Hitler's Popularity

Adolf Hitler is regarded as a “direct descendant of Satan,” the face of evil with a toothbrush moustache, a person with absolutely no heart and no conscience, the worst political leader of all time. Yet, his rise to power was slow and dogged. Before he could consolidate power, he spent time in prison after a failed coup.

In fact, Hitler’s National Socialist Party never won more than 37% of the vote in the four turbulent elections of 1932. Yet, once he assumed chancellorship, Hitler used his strange charisma to become a surprisingly beloved and popular “Fuhrer,” honoured by the masses with the infamous Nazi salute. With the end of the First World War and the signing of the Treaty of Versailles, German nationalism was dealt a crippling blow. During this time of hardship, in the 1920s and 1930s, an Austrian known as Adolf Hitler rose to power in Germany through charismatic oratory and propaganda. He was able to hypnotize the crowd, with his careful honed techniques, which included arriving late, beginning quietly, and gradually, through his riveting voice and gesticulations, driving the crowd into a mass hysteria In 1924, Hitler and his fellow Nazi Party members attempted a coup d’etat in Munich, but were arrested and sentenced to a year in prison. After his release, Hitler again became the leader of the National socialist party, also known as the Nazi Party.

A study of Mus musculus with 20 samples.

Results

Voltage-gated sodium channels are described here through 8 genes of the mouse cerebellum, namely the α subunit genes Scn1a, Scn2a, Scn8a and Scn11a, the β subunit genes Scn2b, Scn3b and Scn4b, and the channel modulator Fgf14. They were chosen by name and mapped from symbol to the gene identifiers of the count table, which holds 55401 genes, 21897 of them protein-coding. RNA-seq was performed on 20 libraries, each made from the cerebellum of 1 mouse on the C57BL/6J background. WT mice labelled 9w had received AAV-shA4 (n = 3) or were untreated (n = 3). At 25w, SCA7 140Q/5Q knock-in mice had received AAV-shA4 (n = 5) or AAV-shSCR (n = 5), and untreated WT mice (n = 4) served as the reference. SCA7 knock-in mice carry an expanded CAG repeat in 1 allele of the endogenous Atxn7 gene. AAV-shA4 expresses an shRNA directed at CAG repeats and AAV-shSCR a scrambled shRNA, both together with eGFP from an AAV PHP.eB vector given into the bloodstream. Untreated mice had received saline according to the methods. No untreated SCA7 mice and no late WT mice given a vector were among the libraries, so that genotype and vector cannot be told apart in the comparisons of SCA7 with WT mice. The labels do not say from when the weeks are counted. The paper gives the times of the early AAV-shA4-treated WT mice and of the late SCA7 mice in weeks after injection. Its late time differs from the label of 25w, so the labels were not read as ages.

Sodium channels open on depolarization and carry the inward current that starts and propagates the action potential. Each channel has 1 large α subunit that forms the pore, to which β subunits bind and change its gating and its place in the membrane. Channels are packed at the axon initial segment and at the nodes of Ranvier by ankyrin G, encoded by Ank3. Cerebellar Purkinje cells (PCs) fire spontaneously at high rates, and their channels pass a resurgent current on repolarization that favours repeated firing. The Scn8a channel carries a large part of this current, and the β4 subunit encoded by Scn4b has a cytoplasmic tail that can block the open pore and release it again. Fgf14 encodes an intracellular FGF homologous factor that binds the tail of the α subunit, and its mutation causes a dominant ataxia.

When the Soviets began entering Berlin and Eastern Germany, many Germans decided to retreat instead of taking arms and fighting back like “real” nationalists would do. In the end, when the Soviets took Berlin, Hitler and his wife Eva Braun committed suicide in a hidden bunker. Surprising as it may be, Hitler did actually enjoy a period of wild popularity after a failed coup in 1924 and forcing his way up to the chancellorship in 1932. When Hitler and his fellow Nazis began to dominate Germany’s political stage, many invested their trust in him and his fascist ideology. Most Germans believed that, by following him, the morale of the country would soar to great heights. Through his charisma and his riveting voice, Hitler was able to move the crowd and draw supporters easily.

Though now he is considered the face of evil, at the time most Germans craved a leader who would increase the pride of the country. Hitler was the one to do so.